Cotton time of Civil or even before it. The

Cotton Eye Joe is a tradition american dance. It is usually associated with the South around the time of Civil or even before it. The author or the time of its conception is unknown. Accounts have been recorded of the slaves in plantations singing it in unity. Lines from its original lyrics such as “been sol’ down to Guinea Gal” have caused the speculation that it refers to a slave. Many minor debates have been placed on the meaning of “cotton eye”. The most popular theory is that it was because “Joe” had been drinking a alcohol, Moonshine, which makes pupils smaller and the overall eye white.

An surprisingly popular theory with the song is that it refers to STD. The name “cotton eye joe” symbolizes the cotton picks used to treat such diseases. With no clear time period or writer, these speculation on many parts of the song have continued till this date. The song began its debut in the late half of the 1800s during and after the Civil War. Dorothy Scarborough recounted in her book On the Trail of Negro Folk-songs that she had been told of people hearing before the Civil War had even broken out. She claims to have heard a recount from her sister who had been taught it by slaves further adding to the theory that “Cotton Eyed Joe” is a slave.


He ran away with the women who presumably the songwriter wanted to marry with the words “I’d been married long’ time go”. Many Southern newspapers have also possessed records of the song.An issue of The Saturday Evening Post in 1874 has a story which refers to the song. In 1884, The Firemen’s Magazine called the song “an old, familiar air.” This magazine described the song as something that a fiddler knew well. At this point in time, the song was already a square dancing favorite in South culture and was played in parties everywhere.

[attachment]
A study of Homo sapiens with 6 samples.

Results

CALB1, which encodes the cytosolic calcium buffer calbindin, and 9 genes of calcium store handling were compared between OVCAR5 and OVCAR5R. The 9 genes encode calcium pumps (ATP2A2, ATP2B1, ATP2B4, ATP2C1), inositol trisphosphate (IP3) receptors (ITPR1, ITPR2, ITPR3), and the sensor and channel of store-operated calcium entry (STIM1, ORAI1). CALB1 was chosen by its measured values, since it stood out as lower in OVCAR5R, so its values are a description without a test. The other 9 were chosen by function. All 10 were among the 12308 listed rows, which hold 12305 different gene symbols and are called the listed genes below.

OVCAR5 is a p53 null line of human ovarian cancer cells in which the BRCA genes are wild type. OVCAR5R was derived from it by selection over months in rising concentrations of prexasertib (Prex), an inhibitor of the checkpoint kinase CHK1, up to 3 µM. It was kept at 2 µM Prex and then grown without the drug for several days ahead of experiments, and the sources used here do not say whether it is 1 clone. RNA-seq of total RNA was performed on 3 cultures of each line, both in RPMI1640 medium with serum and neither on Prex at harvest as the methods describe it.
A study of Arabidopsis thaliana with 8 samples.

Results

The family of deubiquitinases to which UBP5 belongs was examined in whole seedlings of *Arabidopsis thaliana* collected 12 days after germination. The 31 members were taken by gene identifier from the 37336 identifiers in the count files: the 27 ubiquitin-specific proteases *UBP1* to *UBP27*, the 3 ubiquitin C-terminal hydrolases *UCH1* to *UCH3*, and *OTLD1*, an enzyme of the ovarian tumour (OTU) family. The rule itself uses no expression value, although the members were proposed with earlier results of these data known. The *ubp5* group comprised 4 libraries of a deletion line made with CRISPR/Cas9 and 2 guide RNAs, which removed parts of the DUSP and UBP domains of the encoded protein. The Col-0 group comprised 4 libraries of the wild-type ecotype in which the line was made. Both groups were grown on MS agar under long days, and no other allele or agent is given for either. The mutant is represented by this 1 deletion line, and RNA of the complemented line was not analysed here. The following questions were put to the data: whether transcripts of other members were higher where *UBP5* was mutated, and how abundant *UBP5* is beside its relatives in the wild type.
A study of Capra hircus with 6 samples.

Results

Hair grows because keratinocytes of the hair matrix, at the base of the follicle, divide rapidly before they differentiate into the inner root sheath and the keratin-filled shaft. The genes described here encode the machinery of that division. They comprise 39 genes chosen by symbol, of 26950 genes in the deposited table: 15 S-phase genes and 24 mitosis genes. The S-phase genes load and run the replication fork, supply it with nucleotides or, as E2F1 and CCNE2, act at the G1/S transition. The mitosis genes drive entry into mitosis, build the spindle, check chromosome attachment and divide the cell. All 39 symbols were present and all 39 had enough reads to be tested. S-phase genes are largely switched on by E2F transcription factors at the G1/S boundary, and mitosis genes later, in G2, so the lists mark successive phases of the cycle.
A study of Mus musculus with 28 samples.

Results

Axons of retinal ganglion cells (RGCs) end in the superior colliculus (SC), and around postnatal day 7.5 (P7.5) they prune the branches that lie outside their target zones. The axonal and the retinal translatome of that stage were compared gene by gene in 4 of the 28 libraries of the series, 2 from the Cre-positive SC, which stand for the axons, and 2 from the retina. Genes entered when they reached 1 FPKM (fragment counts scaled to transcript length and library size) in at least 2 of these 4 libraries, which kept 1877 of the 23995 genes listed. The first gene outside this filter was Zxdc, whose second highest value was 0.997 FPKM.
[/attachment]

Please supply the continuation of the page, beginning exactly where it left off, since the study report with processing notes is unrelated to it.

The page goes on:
The 19th century truly shaped the song and caught it enough traction to be made into the classical, iconic american song it is today.The 20th century was the year that it truly flourished. In 1922, Fisk University chemistry professor who was a noted black cultural historian, Thomas Talley, shared a different explanation in the book Negro Folk Rhymes. The son of Mississippi slaves, Talley came across a version where “Cotton-Eyed Joe” isn’t just a person, but also a dance substantiated by the following line in yet another version: “I’d a been dead some seben years ago / If I hadn’t a danced dat Cotton Eyed Joe.”